Beware! Creating fake 'celebrity' profile can be easy, as media agency's experiment shows
THE WAY OF THE INFLUENCER
Hankering to become a social media "celebrity"?
All you need is some patience and the willingness to stump up several hundred dollars for it.
In a bid to expose the issues plaguing the "social media influencer" economy, marketing agency Mediakix created two fake Instagram profiles recently.
For the first account, the agency hired a local model and shot the entire channel's content with costumes and props in a one-day photo shoot.
A fake profile of a fitness/lifestyle influencer - calibeachgirl310 - was then started to host the images.
Mediakix decided to take more risks with the second account - wanderingggirl - by using only freely available stock photos.
Some of the images used include iconic shots of Cinque Terre in Italy and the Eiffel Tower in France.
To lend credibility, the agency also inserted random images of the supposed travel and photography influencer, a blonde female teen whose face is never seen.
Mediakix then started buying "followers", paying up to US$8 (S$11) for every 1,000 followers.
"We were concerned that purchasing too many followers at the onset would result in Instagram flagging the account," the agency said. "However, we quickly found that we were able to buy up to 15,000 followers at a time without encountering any issues."
Within weeks, calibeachgirl310 had 50,000 followers while wanderingggirl had 31,000.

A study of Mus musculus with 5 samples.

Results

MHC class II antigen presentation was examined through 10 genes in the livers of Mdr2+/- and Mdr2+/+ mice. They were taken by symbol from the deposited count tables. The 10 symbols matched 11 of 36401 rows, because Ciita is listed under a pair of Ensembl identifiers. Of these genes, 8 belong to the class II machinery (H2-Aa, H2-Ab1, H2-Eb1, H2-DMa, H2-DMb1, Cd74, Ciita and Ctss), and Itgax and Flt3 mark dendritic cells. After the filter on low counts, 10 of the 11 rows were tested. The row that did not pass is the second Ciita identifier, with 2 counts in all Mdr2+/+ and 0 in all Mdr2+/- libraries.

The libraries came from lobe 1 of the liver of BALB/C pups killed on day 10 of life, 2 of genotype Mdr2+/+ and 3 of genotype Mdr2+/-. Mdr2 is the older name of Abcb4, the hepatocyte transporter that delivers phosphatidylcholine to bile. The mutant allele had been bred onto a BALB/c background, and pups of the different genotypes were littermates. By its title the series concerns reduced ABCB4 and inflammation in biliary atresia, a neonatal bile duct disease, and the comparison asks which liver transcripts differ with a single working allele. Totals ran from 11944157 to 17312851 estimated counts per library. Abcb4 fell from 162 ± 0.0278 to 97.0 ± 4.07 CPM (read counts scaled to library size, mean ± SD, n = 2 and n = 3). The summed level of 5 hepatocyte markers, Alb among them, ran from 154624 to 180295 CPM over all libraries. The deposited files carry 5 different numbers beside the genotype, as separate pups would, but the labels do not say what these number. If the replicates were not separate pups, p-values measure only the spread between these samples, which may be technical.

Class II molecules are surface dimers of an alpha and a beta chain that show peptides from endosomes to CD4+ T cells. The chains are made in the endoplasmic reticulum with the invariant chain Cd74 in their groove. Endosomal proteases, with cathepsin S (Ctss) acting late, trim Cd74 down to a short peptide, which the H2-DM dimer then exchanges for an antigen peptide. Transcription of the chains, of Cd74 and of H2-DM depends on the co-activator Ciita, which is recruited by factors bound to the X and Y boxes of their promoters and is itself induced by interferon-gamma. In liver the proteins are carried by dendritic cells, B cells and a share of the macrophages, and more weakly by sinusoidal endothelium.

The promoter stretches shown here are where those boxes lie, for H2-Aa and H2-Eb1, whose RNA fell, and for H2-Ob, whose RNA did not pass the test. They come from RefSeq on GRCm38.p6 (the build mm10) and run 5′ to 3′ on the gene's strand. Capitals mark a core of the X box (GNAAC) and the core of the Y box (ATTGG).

But to draw sponsorships and deals, the accounts also had to be active in engaging fans.
Mediakix set out to buy likes and comments, paying about 12 US cents per comment and up to US$9 per 1,000 likes. For each photo, the agency purchased up to 2,500 likes and between 10 and 50 comments.
Once the accounts were sufficiently padded up, their profiles were signed up to various influencer marketing platforms which typically require influencers to have at least 10,000 followers.
Mediakix applied for new campaigns daily, writing a short message to the brand or simply clicking a button to submit the profile for consideration. Within days, it hit pay dirt, securing two sponsorship deals for each account.
Calibeachgirl310 had a deal with a swimsuit company while wanderingggirl scored with an alcohol distributor.
They both also had deals with a food and beverage chain. Each campaign offered free products and monetary compensation.
Mediakix sounded a warning to brands against falling for this unique form of ad fraud.
Influencer marketing - a growing industry that is projected to reach US$5 billion by next year - is attracting unethical influencers who inflate their follower numbers and engagement rates artificially to compete and secure bigger, better sponsorships.
The best safeguard against this is to do proper research and due diligence to ensure the accounts are legitimate.
SOCIAL MEDIA GROWTH SHOWING NO SIGNS OF STOPPING
The number of social media users has crossed the three-billion mark, with the bulk of them accessing sites through their mobile phones.
A report, released by media company We Are Social and social management firm Hootsuite, says 40 per cent of the world's population is on social media.
Facebook is the platform with the most monthly active users (2.047 billion), followed by YouTube.
Closed social media platforms such as WhatsApp and Facebook Messenger are tied at third spot.
Instagram comes in at sixth place, after Chinese services WeChat and QQ.
Mobile adoption continues at a rapid pace, the report says, growing by 650,000 new users each day.
The average smartphone user now consumes more than 2.3GB of mobile data every month, most of which is used for video streaming.